Katelyn Jones, 23, was charged with making a threat of violence. She sent a series of disturbing messages by phone and on social media that referred to Monica Palmer of the Wayne County Board of Canvassers as a terrorist and racist, the FBI said in a court filing.
Jones has ties to Olivet, Michigan, according to her driver’s license, but the FBI said she sent the threats from Epping, New Hampshire, where she was staying with her mother, and she was arrested there.
Jones appeared in federal court in Concord, New Hampshire, and was told to report to court in Detroit on Jan. 13. She must participate in a mental health program. Her attorney declined to comment.
A message seeking comment from Palmer wasn't immediately returned.
Palmer chaired a raucous meeting of the Board of Canvassers on Nov. 17. She and a fellow Republican on the four-member board initially refused to certify Wayne County’s election results, typically a routine step on the way to statewide certification. They cited problems with absentee ballots in Detroit.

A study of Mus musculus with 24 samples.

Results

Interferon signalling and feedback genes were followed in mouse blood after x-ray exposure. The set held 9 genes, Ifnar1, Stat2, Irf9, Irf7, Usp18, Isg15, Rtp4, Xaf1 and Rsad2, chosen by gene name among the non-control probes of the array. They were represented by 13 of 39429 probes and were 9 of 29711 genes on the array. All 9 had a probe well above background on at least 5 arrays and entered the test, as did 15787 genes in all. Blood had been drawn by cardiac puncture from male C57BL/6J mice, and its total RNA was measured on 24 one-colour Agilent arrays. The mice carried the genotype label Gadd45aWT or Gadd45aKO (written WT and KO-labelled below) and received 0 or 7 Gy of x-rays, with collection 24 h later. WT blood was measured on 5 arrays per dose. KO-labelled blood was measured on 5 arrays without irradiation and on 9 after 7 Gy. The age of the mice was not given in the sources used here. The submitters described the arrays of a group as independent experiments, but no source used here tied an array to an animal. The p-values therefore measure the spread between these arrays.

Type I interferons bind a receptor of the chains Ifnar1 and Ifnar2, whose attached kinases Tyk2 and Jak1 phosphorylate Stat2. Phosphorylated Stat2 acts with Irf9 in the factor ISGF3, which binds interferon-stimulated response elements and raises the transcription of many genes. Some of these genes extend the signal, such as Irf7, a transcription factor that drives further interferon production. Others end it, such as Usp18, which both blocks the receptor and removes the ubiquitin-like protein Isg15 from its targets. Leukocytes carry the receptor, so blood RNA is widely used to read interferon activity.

When the meeting turned to public comment, Palmer and William Hartmann were criticized for hours by people watching on video conference. They subsequently changed their votes and certified the election totals, saying they were assured by the board’s two Democrats that a post-election audit would be performed. Biden won the county on Nov. 3 with 68% of the vote.
“You have made a grave mistake. I hope you realize that now,” Jones told Palmer a day after the meeting, according to the FBI.
The threats included photos of a woman’s nude, bloody body and references to Palmer’s daughter, the FBI said.
“I’d be a shame if something happened to your daughter at school,” Jones said, according to investigators.
Jones admitted making the threats when interviewed by agents Tuesday because she felt Palmer was “interfering with the election,” the FBI said in a court filing.
Palmer and Hartmann said they voted to certify the results after “hours of sustained pressure” and after getting promises that their concerns about the election would be investigated. They said President Donald Trump reached out to them in support immediately after the November meeting.
There was no evidence of widespread voting fraud in Michigan or any other state, experts said.